HGTV star Emily Henderson is known for creating spaces as bright and cheerful as her personality on shows like Design Star and Secrets from a Stylist as well as on her addictive, documentary-style blog. So it should come as no surprise that a drab, carpeted space with a brown-painted ceiling was not the master bedroom of her dreams. But as the “before” photo below shows, it’s exactly the situation she was faced with when decorating her Los Angeles home.
Like most homeowners, she decorated the public spaces of her new house first, and the master bedroom was given the unglamorous last place on the list of rooms to redo, right next to the green linoleum-clad guest bath. (More on that later.) In true HGTV fashion, this scary “before” comes with a shocking and gorgeous “after.” And unlike some of our favorite design shows, you can actually get this result in your real home.
Emily shared the designer tips and tricks she used to give this space a brand new life, and now we’re passing them on to you!
1. Start Fresh. “Once we painted it and put down hardwood flooring, it was really pretty,” Henderson says of the first step in her design process. “It was just a big white room.” After a failed experiment involving custom wallpaper — “During a heat wave the seams pulled up, and not just a little bit. It pulled up the paint. It pulled up the plaster. It was so bad.” — and a subsequent return to white painted walls, she started in on a slightly more durable design.
2. Ask Yourself How You Want It to Feel, Not Just Look. “In this case I wanted my room to feel bright and airy, but happy and with enough punch that it didn’t feel boring,” says Henderson. Take into consideration if your room is more of a family hang zone or a calming retreat for just grown-ups. “We’re big into laying around and cuddling with the kids,” she explains, so a big upholstered bed and a comfy bench by Katy Skelton fit the bill.
3. Pick a Statement Piece. Henderson suggests choosing a headboard, a rug or a piece of art as a focal point for a bedroom. “Then you can make everything around that be kind of a supporting cast,” she says. “In this case, it really was the Rebecca Atwood headboard fabric, and then everything else kind of helped round it out. But when you walk in that’s certainly what you notice first.”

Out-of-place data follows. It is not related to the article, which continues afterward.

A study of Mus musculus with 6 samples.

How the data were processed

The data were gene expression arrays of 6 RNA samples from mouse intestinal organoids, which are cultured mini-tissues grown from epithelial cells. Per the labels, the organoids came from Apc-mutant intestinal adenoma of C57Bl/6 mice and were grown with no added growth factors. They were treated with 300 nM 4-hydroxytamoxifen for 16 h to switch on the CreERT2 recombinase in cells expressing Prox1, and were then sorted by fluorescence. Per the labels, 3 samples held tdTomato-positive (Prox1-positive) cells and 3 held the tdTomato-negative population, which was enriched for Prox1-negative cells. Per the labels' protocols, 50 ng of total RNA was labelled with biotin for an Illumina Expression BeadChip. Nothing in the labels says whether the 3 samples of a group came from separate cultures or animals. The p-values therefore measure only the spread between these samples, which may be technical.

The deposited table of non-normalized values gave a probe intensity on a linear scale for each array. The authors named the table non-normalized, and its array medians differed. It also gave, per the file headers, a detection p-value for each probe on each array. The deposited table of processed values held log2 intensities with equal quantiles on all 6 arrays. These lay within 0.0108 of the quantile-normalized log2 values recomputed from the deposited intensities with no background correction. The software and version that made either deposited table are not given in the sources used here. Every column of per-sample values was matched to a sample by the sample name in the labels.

4. Don’t Play It So Safe. The biggest bedroom decorating faux pas Henderson encounters? Failure to launch. “People are often afraid to add too much style to a bedroom because they don’t want it to get too busy and loud, so I often see rooms that are really boring and generic,” says the designer. The fix, she says, is making small changes with a big impact: “A colored lampshade can make such a difference in a room, and you can order them online.”
Another space that was in desperate need of an overhaul was the kids’ and guest bath. “The bathroom was original, but in a really bad way,” Henderson says. “It was like 1960s, cheap materials, cheap finishes, beige and sage and linoleum. There was nothing charming about it. Nothing that was like ‘Ooh, it’s quirky and vintage.’” But the designer kept putting off the project because, as she explains, “Having a big construction project in the middle of your house with two kids, it just sucks.” When she finally redid the space, she went with a completely modern vibe and kid-friendly details.
5. Prioritize Storage. In a kids’ bathroom, getting this contained and often out of sight is a major consideration. “Kids have a lot of products, so make sure you have storage that’s easily accessible,” says Henderson. The new tub has a shelf at one end and a niche at shower height for items that need to stay out of little hands.
6. Go for Dark Grout. Henderson says the bathroom flooring, by designer Erin Adams, “is totally me. It’s playful and energetic and has some midcentury vibes to go with the house.” The cement tile ages well with heavy traffic, but it’s the grout choice that will be kind to your cleaning schedule. “A dark tile with dark grout hides any sort of dirt,” she says. “White grout is never a good idea in a kids bath…really in any bathroom.”
For more design ideas and to see the rest of Emily Henderson’s inspiring L.A. home, visit her blog, Style by Emily Henderson.